Midvale • Yassir Alzoubi loves to cook. His chicken shawarma and falafel are right out of Syria and sing with Middle Eastern flavors.

The recipes Yassir holds close to his heart are among the few things he and his family brought from their southern Syrian village that was practically bombed out of existence near the city of Daraa.

Yassir and his wife, Manal, have three sons, ages 17, 12 and 8, and 15-year-old twin daughters. They now live in Midvale with the children's grandmother, Soubhieh Abdullah, 81.

The family members escaped with little but the clothes on their backs in March 2013, when Syrian government bombers flattened Khirbet Ghazaleh, their suburban town of 30,000. During a pause in the bombing, they caught a ride in a van to the southernmost village in Syria and then walked 15 miles into Jordan. There, they lived in the Zaatari refugee camp for 2½ years.

These days, the Alzoubis keep memories of home alive with traditions, the most sensory of which is food.

Daraa, a city of about 1 million in southwestern Syria is about 55 miles south of Damascus. It is sometimes called the "cradle of the revolution," because protests erupted there when a dozen boys were arrested for painting anti-government graffiti. That, some say, sparked the Arab Spring in Syria and the rebellion in 2011.

Later that year, bombs began to fall in and around Daraa. Many nights, the family retired to the safety of the basement. But it was difficult to sleep with explosions all around, said Mohammed, the 17-year-old.

In 2016, the United Nations estimated that 400,000 Syrians had been killed during the hostilities. Some 5 million have fled the country, according to the U.N. Hundreds of them have drowned in the Mediterranean Sea attempting to cross to Europe. An additional 6 million have been displaced inside the war-torn country.

The fighting and dying continue to this day.

These are troubling thoughts for Yassir as he busies himself in their small kitchen. He has always had a natural proclivity for food, according to Manal. He makes his own yogurt, mayonnaise, pickles — and not least, pickled eggplant.

For his shawarma, Yassir cut boneless chicken breasts and bathed the slices in a sauce made from yogurt, curry, garlic, paprika, cumin, salt, vinegar, olive oil and lemon juice.

With the touch of a natural chef, he then fried the chicken in olive oil until golden brown, explaining the technique as he went along.

Unlike in Syria, here he uses Mexican flour tortillas as a wrap, prepared with a spread of yogurt, mayonnaise and topped with pickles. The chicken is then rolled up in the tortilla. The resulting sandwich is lightly grilled as tantalizing aromas waft about the apartment.

Yassir and Manal were both educators in Khirbet Ghazaleh, which also was home to engineers, physicians and other professionals, he explained proudly.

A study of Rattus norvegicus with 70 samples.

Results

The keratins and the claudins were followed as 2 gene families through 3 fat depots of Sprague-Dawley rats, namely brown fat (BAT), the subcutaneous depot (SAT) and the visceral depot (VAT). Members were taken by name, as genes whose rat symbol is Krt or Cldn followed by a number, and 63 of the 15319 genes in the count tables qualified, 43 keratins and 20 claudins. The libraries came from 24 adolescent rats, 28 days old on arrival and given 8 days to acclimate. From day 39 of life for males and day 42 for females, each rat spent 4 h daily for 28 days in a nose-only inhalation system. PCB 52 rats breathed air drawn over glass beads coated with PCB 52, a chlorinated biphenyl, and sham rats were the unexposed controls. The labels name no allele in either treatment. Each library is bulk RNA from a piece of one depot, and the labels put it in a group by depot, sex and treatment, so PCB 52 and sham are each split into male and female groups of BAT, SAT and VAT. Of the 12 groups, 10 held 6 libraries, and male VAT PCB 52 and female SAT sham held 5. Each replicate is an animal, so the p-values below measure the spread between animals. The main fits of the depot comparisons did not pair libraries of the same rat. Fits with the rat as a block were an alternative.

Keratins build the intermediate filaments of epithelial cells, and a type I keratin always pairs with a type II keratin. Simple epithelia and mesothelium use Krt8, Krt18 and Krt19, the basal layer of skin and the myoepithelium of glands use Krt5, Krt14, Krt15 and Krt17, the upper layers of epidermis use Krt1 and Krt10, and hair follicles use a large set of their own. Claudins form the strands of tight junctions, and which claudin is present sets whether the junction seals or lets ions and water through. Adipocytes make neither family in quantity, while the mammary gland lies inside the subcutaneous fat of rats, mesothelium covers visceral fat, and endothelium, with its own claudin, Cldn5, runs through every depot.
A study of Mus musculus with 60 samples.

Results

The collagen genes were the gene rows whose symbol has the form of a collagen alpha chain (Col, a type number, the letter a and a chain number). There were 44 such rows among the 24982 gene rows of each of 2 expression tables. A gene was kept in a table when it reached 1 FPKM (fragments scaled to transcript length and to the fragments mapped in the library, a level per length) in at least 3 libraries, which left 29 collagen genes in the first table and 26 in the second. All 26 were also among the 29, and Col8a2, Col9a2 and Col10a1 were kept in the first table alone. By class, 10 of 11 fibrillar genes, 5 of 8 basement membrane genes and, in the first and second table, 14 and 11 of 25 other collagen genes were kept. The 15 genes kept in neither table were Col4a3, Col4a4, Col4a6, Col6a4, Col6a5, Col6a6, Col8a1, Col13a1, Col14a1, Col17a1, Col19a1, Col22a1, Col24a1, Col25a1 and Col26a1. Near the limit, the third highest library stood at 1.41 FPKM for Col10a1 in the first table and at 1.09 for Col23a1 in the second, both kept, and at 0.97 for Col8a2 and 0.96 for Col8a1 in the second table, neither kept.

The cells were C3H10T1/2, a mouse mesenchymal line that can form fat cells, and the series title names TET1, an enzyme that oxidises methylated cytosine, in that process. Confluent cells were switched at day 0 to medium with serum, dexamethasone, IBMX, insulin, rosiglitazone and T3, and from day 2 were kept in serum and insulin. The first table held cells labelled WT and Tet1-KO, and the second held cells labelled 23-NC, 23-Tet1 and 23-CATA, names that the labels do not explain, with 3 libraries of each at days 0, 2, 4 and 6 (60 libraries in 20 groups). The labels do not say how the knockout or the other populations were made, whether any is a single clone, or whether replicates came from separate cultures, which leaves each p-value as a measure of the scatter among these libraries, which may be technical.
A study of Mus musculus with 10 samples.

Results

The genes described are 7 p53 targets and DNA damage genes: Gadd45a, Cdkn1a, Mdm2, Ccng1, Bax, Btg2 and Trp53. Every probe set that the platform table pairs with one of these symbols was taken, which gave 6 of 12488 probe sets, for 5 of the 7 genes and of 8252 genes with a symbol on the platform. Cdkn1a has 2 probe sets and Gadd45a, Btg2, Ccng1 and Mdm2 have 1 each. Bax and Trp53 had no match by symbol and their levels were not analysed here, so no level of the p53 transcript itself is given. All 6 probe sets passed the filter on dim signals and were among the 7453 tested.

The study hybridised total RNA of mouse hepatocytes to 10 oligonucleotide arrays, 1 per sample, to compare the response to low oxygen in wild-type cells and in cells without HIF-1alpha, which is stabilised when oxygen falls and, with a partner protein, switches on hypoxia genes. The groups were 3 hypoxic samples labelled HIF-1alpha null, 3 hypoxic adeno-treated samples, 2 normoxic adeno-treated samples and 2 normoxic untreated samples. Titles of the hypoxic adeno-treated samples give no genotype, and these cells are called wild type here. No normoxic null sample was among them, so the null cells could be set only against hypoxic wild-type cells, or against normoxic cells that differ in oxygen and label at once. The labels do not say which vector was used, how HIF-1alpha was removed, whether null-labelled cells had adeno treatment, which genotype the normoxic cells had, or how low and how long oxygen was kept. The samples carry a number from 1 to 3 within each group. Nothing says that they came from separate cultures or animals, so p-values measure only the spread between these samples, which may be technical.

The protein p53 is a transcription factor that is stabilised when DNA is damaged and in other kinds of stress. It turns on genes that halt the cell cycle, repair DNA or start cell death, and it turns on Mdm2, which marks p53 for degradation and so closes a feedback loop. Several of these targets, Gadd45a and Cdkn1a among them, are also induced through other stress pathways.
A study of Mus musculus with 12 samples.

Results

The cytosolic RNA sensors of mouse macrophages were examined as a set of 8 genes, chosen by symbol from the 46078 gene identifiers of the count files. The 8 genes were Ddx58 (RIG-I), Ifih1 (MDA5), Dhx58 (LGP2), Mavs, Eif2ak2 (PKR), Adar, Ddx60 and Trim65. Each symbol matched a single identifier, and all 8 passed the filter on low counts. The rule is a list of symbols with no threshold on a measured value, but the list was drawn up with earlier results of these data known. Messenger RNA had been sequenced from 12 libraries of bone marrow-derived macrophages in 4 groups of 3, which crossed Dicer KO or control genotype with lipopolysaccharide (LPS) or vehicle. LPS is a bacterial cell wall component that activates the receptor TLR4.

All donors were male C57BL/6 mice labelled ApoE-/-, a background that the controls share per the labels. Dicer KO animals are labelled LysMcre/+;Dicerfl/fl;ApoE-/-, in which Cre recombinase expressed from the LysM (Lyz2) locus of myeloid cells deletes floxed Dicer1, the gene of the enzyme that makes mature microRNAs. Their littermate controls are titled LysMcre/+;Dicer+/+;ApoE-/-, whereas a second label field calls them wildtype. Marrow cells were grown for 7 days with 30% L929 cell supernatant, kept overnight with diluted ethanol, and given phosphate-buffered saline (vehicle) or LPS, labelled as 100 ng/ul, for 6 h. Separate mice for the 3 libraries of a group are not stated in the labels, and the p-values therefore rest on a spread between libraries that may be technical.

"It's a special place. People there cared about each other," Yassir said through a translation by Mohammed.

They had built a new house in 2007, Yassir said. "Our home is gone now — bomb."

Yassir and his siblings also owned a small farm nearby, where they grew wheat, olives, tomatoes and watermelon.

"It was good land," Yassir said. "It was good for growing."

As he prepared a large number of chicken shawarma sandwiches, Yassir recalled his older brother, who is still in Syria.

"No place is safe in Syria," he said. "When we got out of there, the situation was very bad. But now it is worse."

Mohammed translated for his father: "The government does not help people," he said. "It turned against them and started killing them."

These days, Yassir is a stay-at-home dad, while Manal works part time at Deseret Industries, the thrift store owned and operated by The Church of Jesus Christ of Latter-day Saints. She works diligently to improve her English. In the fall, she also will begin work as a teacher's assistant at East Midvale Elementary School.

Like many refugees, they get by on little and are thankful for a safe place to live.

Learning a new language is much easier for youngsters. Mohammed and his siblings speak English well, even though they have been in the United States for only 15 months.

Mohammed, the twins, Salam and Raghad, and brothers Abdul, 12 and Mahmoud, 8, all had intense English-language training in the Jordanian refugee camp before they immigrated to the U.S.

The Alzoubis were sponsored by the International Rescue Committee, through the United Nations High Commissioner for Refugees. They also have had support from the Salt Lake City-based nonprofit Women of the World (, which helps refugees adapt to a new land and culture.

They appear relaxed and well adjusted and, like most refugees, are polite and generous.

Although they put on a hopeful face, the transition to a new country and culture is not easy.

"We didn't know anyone here," Manal said. "But people in America are very nice. We are happy to be in Utah."

Nonetheless, she pines for her homeland and the brother and sister she left behind. "My hope is that my family can join us here."

Yassir, too, misses Syria. "It's sad," he said through Mohammed. "I spent most of my life there, so it is hard to leave."

For the youngsters, the transition is a bit easier. The girls enjoy school. Their brothers love soccer.

Yassir is quick to point out that the twins and Mohammed have made the honor role at Hillcrest High School.

Not surprisingly, everyone craves dad's Syrian cooking.

For the falafel, Yassir had prepared a humus of chickpeas, onion, garlic, parsley and coriander, with a little salt, baking soda and an egg. He then rolled up several dozen dollops, a little larger than pingpong balls. Into the hot olive oil they went until nut brown.

A taste sensation that takes them home.